Jennewein Biotechnologie to Build New R&D Centre for Synthetic Organisms and Microbiome Research in Bonn, Germany
RHEINBREITBACH, Germany, July 5, 2018 /PRNewswire/ —
Jennewein Biotechnologie announces that on June 15, 2018, it signed a long-term lease for a 1000-m2 plot of land on Mildred-Scheel-Strasse, Bonn Bad Godesberg, which will be the site of a new R&D centre for microbiome research and designer microorganisms. “The relocation of part of our research department, from its home of many years in Rheinbreitbach, to Bonn Bad Godesberg, was necessary because of the strong growth our company has enjoyed over the past few years, and the lack of space now available for additional research activities,” explains Dr. Katja Parschat, Deputy Head of R&D at Jennewein Biotechnologie. The company plans to invest around 3.6 million euros in a new laboratory facility, and the employees of the Metabolic Engineering Division are set to move to Bonn in October this year. In the medium term, the new R&D centre will accommodate 30-40 research scientists.
The new R&D centre will continue to develop the company’s successful research on metabolic engineering, focusing on designer microorganisms and particularly on new technologies for the creation of organisms with synthetic genomes. Jennewein Biotechnologie has been a leader in metabolic engineering and genome modification for many years. “Extending the genome engineering work we began in 2005 to embrace synthetic and rationally designed genomes is a logical step on the way to designer organisms, which will enable us to increase the yields of our products and save on costs,” says Dr. Stefan Jennewein, CEO of Jennewein Biotechnologie. “This is especially important in order to remain competitive in the long term and to maintain our leading position on the international stage.” The new R&D centre will also expand the company’s microbiome research activities and strengthen its expertise. Jennewein Biotechnologie recently launched the world’s first clinical study to investigate the development of the infant microbiome and the impact of breastfeeding and human milk oligosaccharides (HMOs). This study is still ongoing, and currently involves 300 babies in Germany, Austria, Italy and Spain.
“Microbiomes are everywhere and we’re constantly interacting with them,” says Dr. Jennewein. “Although not much is yet known about the relationship between microbiomes and allergies, autism, obesity and other diseases, the microbiome definitely plays an important role in infant development. And this isn’t just limited to the intestinal microbiome. We see great potential in products which promote what we call the healthy microbiome, especially in the area of infant and toddler nutrition.”
Human milk oligosaccharides (HMOs) are complex sugar molecules that are only present in breast milk. Excluding water, they are the third most abundant constituent of human milk after fats and lactose. More than 200 structurally different HMOs have been identified.
The most abundant HMO is 2′-fucosyllactose, which is produced by about 80% of all lactating mothers at concentrations of up to 2 g/L. Scientific studies have shown that HMOs, and 2′-fucosyllactose in particular, have a positive impact on infant development. HMOs are prebiotic, i.e. they specifically promote the growth of beneficial microorganisms, and at the same time they inhibit the growth of pathogens by directly and indirectly preventing colonisation. Jennewein Biotechnologie launched 2′-fucosyllactose onto the global baby food market in 2015, and several infant milk formulas around the world now contain 2′-fucosyllactose (e.g. Abbott Similac).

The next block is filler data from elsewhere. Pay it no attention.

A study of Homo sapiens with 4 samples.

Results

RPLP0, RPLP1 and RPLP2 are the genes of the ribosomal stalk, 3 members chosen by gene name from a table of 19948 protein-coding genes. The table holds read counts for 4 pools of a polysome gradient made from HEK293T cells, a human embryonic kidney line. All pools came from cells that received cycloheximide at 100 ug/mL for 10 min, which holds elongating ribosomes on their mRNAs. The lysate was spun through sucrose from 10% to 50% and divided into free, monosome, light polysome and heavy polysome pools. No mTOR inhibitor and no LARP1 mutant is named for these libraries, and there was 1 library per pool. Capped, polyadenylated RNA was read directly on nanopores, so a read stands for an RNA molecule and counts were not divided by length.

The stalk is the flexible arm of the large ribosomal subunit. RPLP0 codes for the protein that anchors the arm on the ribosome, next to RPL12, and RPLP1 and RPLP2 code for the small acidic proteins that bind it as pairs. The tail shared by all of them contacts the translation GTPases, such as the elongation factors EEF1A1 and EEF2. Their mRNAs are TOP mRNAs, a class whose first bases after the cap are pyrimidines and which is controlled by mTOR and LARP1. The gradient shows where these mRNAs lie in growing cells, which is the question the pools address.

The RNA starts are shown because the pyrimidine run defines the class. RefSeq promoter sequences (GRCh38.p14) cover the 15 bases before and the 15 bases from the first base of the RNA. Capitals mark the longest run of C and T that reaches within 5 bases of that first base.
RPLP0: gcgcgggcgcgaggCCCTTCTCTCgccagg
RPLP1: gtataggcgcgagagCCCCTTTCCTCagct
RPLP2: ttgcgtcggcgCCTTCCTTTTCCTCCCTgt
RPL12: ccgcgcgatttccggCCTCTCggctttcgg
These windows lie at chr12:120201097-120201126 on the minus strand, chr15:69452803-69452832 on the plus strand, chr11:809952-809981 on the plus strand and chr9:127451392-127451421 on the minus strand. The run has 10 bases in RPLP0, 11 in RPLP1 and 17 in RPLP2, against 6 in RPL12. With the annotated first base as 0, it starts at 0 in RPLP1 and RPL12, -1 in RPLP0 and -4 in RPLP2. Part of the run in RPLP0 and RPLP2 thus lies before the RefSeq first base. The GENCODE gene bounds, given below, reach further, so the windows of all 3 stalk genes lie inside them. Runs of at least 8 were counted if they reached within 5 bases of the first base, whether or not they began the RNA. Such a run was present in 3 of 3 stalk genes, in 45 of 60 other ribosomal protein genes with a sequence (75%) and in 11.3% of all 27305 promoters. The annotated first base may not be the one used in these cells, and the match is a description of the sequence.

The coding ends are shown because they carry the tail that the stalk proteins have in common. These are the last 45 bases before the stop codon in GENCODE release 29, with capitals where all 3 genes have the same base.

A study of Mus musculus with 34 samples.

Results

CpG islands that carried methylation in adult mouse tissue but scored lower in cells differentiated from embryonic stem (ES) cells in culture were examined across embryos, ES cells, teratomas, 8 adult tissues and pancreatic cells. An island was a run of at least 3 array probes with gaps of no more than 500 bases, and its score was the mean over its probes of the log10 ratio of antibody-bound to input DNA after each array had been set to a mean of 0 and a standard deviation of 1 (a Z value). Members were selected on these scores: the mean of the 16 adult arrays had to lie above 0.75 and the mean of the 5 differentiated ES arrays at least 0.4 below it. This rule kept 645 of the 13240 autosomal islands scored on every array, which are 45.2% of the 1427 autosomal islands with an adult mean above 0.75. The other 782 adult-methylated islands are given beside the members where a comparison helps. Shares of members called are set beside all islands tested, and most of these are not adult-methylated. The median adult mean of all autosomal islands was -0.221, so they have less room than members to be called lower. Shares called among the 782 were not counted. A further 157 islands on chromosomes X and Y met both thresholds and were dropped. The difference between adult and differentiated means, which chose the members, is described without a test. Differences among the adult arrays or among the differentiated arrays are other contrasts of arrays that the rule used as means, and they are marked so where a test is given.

About the microbiome:
The microbiome is the entirety of all microorganisms that colonise humans. Although most of these microorganisms live in the gut, others live on the skin or inhabit other parts of the body, such as the mouth and nose. The microbiome is a complex ecosystem consisting of about 100 different microbial species. Some extremely important functions are attributed to the gut microbiome, such as programming the immune system and defending against pathogens.
About synthetic biology:
Synthetic biology is the creation of biological systems that do not occur naturally. The goal is to manufacture artificial systems that nevertheless fulfil useful functions such as the production of beneficial proteins and metabolites. The techniques used in synthetic biology are similar to genetic engineering, but involve not only the transfer of natural genes between species but also completely new genetic sequences designed with the help of computers. Synthetic biology is an interdisciplinary field requiring collaboration between biologists, chemists and engineers.
About Jennewein Biotechnologie:
Jennewein Biotechnologie is a leading international industrial biotechnology company with a range of products in the field of complex oligosaccharides (HMOs) and rare monosaccharides. The company manufactures an extensive portfolio of innovative HMO products, such as 2′-fucosyllactose, 3′-fucosyllactose and lacto-N-tetraose. These rare sugars are used in the food industry (particularly infant milk formulas), the pharmaceutical industry, and the cosmetic industry. The manufacturing process involves state-of-the-art fermentation techniques. In 2015, the US Food and Drug Administration (FDA) granted Jennewein Biotechnologie a license to market 2′-fucosyllactose in the USA. This was followed in 2017 by European Union marketing authorisation under the Novel Food Regulation.